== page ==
For much of the 20th century, accessing images was a core challenge for research in art history. Because of printing costs, scholarly publications normally contained few illustrations, and there were therefore few published examples for art historians to work with. Recently, however, this has started to change: museums and libraries are making more and more of their collections available digitally.

Unfortunately, there is a difference between images that are online, and images that can easily be found online. For an image to be findable it needs to have a description attached to it. An image of Pentecost which is just filed away with a number will be invisible to scholars who are researching the depiction of Pentecost. This is unfortunately the case with most libraries, since they tend not to catalogue individual manuscript and book illustrations, meaning that one can only find them if one already knows of their existence. Thus, many costly digitisation programmes fail to reach their full potential.

[ill.1]

Acts of the Apostles. Darmstadt, Universitäts-und Landesbibliothek, Hs 2505, fols. 64v-65r (Cologne or Westphalia, c1360),
Photo: ULB Darmstadt (Public Domain)

 

A recently completed pilot project at the Warburg Institute addresses this problem. It focusses on the Speculum Humanae Salvationis, a medieval handbook of typology, that is, of parallels between the Old and the New Testaments. The opening shown above, dedicated to Pentecost, shows how this tract works:

We see at top left the New Testament scene (antitype), the Coming of the Holy Spirit (Acts 2: 1-4), and next to it three Old Testament models (types). The text on the following page explains their significance.

Type 1 (bottom left): The builders of the Tower of Babel suddenly could no longer understand each other (Genesis 11: 6-9), but at Pentecost everyone understood the preaching Apostles.

Type 2 (top right): Just as the Israelites received the Law of Moses 50 days after the Exodus (Leviticus 23: 16), so the Christians received the Spirit 50 days after Christ’s Resurrection.

Type 3 (bottom right): Just as the oil-jar of the widow never ran out (2 Kings 4: 1-7), so the grace of the Holy Spirit will always continue within the Church.

The Speculum was one of the most popular picture-books of the late middle ages. There are some 150 surviving illuminated manuscripts made between the early 14th and the late 15th centuries, from many countries of Western and Central Europe. They are different in layout, technique and quality, as the images below show. The tradition continued for a time in print; there are over 20 incunabula editions. Since a full copy contains 192 miniatures, this forms one of the richest collections of late medieval Bible illustration.

Tower of Babel

[ill. 2]

Tower of Babel. Paris, Bibliothèque Nationale de France, fr. 6275, fol. 35v (Master of Edward IV, c.1485)
Photo: Bibliotheque Nationale de France (Public Domain)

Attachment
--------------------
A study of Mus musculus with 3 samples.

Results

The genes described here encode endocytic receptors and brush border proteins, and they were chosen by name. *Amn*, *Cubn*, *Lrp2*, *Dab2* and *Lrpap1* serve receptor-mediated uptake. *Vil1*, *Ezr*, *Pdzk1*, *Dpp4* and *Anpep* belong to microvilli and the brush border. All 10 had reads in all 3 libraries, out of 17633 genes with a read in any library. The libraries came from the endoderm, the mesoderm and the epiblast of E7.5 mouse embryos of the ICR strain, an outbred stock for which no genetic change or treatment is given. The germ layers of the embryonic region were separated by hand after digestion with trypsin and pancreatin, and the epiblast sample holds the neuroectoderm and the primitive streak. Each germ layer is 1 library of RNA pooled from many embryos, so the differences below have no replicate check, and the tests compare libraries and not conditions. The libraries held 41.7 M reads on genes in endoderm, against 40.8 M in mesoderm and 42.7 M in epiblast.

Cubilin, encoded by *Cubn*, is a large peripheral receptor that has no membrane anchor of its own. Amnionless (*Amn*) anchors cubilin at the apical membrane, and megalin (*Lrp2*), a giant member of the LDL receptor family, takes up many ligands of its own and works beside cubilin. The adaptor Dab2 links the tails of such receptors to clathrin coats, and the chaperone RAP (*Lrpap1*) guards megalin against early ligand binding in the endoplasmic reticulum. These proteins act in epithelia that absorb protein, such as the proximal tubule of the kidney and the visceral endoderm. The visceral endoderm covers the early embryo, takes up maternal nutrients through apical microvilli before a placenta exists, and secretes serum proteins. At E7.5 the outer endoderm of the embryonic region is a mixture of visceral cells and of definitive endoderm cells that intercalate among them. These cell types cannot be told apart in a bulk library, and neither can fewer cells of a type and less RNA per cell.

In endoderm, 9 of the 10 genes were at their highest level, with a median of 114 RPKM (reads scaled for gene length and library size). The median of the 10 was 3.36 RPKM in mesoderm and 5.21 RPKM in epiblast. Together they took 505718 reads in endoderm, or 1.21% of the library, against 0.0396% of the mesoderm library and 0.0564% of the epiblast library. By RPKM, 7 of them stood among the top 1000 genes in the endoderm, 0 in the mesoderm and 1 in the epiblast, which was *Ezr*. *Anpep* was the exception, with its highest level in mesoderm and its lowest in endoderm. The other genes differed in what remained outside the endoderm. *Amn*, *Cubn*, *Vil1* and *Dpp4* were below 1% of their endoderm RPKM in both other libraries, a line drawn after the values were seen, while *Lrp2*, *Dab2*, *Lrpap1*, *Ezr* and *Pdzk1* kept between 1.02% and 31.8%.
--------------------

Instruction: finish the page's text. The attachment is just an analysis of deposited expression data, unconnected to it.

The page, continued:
[ill. 3]

Tower of Babel. Lilienfeld, Stiftsbibliothek, MS 114, fol. 53r (Austrian, c.1380)
Photo: manuscriptorium.com (CC BY-NC-SA 4.0)

Until a few years ago, only five manuscripts of the Speculum had been published in their entirety. When Dr Evelyn Silber, who studied the Speculum for her PhD, made a generous donation to the Warburg of photographs she had collected during her doctoral research, they were digitised and added to the Iconographic Database. Dr Berthold Kress, who was carrying out this work, then devised and executed a larger project. He added further Speculum manuscripts that had been digitised in sufficient quality by libraries worldwide. Thus, nearly 13,000 images, including all the incunabula illustrations and some 50 complete manuscripts, have been made accessible.

It is now possible to display all the images from one manuscript, or all the illustrations of a certain scene in the Speculum, to trace the typological relationships, and to compare them with images in other contexts that illustrate the same event. Images imported from library digitisation projects contain a link to the high-resolution photograph of the image on the external library’s website.

In future other illustrated texts (for instance Apocalypses) should be presented in a similar way. Furthermore, the new software for the database that is currently being developed will allow us to share our iconographic data with the libraries housing the manuscripts, so that the Warburg Institute can truly become a global partner in making digital images accessible.

Speculum page: https://iconographic.warburg.sas.ac.uk/vpc/VPC_search/subcats.php?cat_1=14&cat_2=812&cat_3=2903&cat_4=5439&cat_5=13111

Speculum introduction: https://iconographic.warburg.sas.ac.uk/vpc/VPC_search/Speculum_intro.html.

– Submitted by Berthold Kress

Berthold Kress is an Associate Fellow who joined the Warburg Institute in 2011, and most of his work has been connected to the Warburg Institute Iconographic Database. Recently, he developed the following two projects: Speculum Humanae Salvationis and Bavarian Church Interiors.